The Chalcedonian Definition (also called the Chalcedonian Creed) was adopted at the Council of Chalcedon in A.D. 451. Chalcedon was an early centre of Christianity located in Asia Minor (modern Turkey). The Council was the fourth of the Ecumenical Councils that are accepted by Chalcedonian churches which include the Eastern Orthodox, Catholic, and most Protestant churches. It was the first Council not to be recognised by any Oriental Orthodox church; these churches may be classified as non-Chalcedonian.
The Definition defines that Christ is 'acknowledged in two natures', which 'come together into one person and one hypostasis'. The formal definition of 'two natures' in Christ was understood by the critics of the council at the time, and is understood by many historians and theologians today, to side with western and Antiochene Christology and to diverge from the teaching of Cyril of Alexandria, who always stressed that Christ is 'one'. However, a modern analysis of the sources of the creed (by A. de Halleux, in Revue Theologique de Louvain 7, 1976) and a reading of the acts, or proceedings, of the council (recently translated into English) show that the bishops considered Cyril the great authority and that even the language of 'two natures' derives from him.
Chalcedonian Definition Wikipedia
The Chalcedonian Definition was written amid controversy between the western and eastern churches over the meaning of the Incarnation (see Christology), the ecclesiastical influence of the emperor, and the supremacy of the Bishop of Rome. The western churches readily accepted the creed, but some eastern churches did not.
It became standard orthodox doctrine. However the Coptic Church of Alexandria dissented, holding to Cyril of Alexandria's preferred formula for the oneness of Christ’s nature in the incarnation of God the Word as "out of two natures". Cyril's language is not consistent and he may have countenanced the view that it is possible to contemplate in theory two natures after the incarnation, but the Church of Alexandria felt that the Definition should have stated that Christ be acknowledged "out of two natures" rather than "in two natures".
This miaphysite position, historically characterised by Chalcedonian followers as "monophysitism" though this is denied by the dissenters, formed the basis for the distinction from other churches of the Coptic Church of Egypt and Ethiopia and the "Jacobite" churches of Syria and Armenia (see Oriental Orthodoxy).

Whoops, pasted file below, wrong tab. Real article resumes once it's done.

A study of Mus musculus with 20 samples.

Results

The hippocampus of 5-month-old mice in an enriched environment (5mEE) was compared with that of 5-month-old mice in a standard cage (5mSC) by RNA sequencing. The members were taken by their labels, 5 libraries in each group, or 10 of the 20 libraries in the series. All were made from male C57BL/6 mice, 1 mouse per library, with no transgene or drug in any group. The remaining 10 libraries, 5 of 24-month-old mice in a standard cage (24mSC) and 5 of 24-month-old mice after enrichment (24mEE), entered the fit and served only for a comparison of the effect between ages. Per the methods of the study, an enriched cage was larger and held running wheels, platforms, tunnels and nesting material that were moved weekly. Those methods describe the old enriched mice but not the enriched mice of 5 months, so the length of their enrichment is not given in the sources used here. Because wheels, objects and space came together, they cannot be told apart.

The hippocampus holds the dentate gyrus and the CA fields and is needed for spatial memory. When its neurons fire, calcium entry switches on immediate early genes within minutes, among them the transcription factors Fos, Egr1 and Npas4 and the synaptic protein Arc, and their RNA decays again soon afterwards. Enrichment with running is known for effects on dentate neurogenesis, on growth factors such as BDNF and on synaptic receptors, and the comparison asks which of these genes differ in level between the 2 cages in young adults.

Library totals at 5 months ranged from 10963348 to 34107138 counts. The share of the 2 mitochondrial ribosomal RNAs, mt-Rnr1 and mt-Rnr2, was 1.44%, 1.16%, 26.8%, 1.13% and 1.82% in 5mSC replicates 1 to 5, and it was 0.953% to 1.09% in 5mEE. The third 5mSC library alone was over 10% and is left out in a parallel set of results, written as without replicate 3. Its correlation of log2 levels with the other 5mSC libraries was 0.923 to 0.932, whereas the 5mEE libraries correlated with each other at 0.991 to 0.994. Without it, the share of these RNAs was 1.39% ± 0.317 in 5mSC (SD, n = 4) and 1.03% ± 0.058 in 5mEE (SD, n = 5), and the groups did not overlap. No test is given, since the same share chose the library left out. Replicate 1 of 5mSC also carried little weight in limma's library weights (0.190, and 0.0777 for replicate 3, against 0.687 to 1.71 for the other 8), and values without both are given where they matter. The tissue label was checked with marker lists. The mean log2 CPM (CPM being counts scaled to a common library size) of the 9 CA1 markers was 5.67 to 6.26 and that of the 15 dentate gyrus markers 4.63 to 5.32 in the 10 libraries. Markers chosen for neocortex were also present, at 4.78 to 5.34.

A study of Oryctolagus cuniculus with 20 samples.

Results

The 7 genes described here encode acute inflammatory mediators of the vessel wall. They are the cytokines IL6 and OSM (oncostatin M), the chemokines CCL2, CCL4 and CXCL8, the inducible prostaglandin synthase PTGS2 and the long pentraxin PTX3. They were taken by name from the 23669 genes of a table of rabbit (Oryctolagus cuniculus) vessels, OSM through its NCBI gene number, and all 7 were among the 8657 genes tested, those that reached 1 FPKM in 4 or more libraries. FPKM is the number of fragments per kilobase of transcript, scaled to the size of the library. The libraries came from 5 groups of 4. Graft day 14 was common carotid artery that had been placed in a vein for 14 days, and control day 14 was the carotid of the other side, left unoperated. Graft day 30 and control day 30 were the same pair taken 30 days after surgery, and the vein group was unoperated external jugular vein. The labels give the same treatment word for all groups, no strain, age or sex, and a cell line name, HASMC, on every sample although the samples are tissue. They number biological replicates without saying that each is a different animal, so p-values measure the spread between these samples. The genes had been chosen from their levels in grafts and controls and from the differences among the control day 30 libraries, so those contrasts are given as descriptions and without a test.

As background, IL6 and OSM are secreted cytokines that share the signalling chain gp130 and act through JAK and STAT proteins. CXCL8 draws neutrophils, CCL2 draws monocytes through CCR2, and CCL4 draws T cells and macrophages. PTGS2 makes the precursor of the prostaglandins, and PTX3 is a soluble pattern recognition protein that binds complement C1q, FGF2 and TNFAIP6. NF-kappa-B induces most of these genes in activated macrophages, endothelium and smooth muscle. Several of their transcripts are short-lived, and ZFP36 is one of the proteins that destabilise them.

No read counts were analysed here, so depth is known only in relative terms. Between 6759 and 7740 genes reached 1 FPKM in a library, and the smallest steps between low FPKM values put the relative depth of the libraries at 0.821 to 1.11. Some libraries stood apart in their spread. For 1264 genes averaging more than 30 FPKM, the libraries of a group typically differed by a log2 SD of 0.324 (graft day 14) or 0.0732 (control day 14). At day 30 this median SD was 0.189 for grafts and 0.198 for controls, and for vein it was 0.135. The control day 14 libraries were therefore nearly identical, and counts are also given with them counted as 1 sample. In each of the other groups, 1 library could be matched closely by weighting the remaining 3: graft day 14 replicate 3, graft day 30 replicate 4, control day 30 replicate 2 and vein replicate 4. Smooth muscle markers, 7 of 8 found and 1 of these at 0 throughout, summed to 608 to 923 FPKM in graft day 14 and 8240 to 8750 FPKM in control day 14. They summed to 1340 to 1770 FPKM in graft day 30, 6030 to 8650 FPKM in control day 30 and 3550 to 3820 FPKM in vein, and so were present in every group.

The key section runs:
Following, then, the holy Fathers, we all unanimously teach that our Lord Jesus Christ is to us One and the same Son, the Self-same Perfect in Godhead, the Self-same Perfect in Manhood; truly God and truly Man; the Self-same of a rational soul and body; co-essential with the Father according to the Godhead, the Self-same co-essential with us according to the Manhood; like us in all things, sin apart; before the ages begotten of the Father as to the Godhead, but in the last days, the Self-same, for us and for our salvation (born) of Mary the Virgin Theotokos as to the Manhood; One and the Same Christ, Son, Lord, Only-begotten; acknowledged in Two Natures unconfusedly, unchangeably, indivisibly, inseparably; the difference of the Natures being in no way removed because of the Union, but rather the properties of each Nature being preserved, and (both) concurring into One Person and One Hypostasis; not as though He were parted or divided into Two Persons, but One and the Self-same Son and Only-begotten God, Word, Lord, Jesus Christ; even as from the beginning the prophets have taught concerning Him, and as the Lord Jesus Christ Himself hath taught us, and as the Symbol of the Fathers hath handed down to us.
The full text of the definition which reaffirms the decisions of the Council of Ephesus, the pre-eminence of the Creed of Nicea (325) and the further definitions of the Council of Constantinople (381) can be found here It also affirms the authority of two of Cyril of Alexandria's letters and the Tome of Leo written against Eutyches and sent to Archbishop Flavian of Constantinople in 449.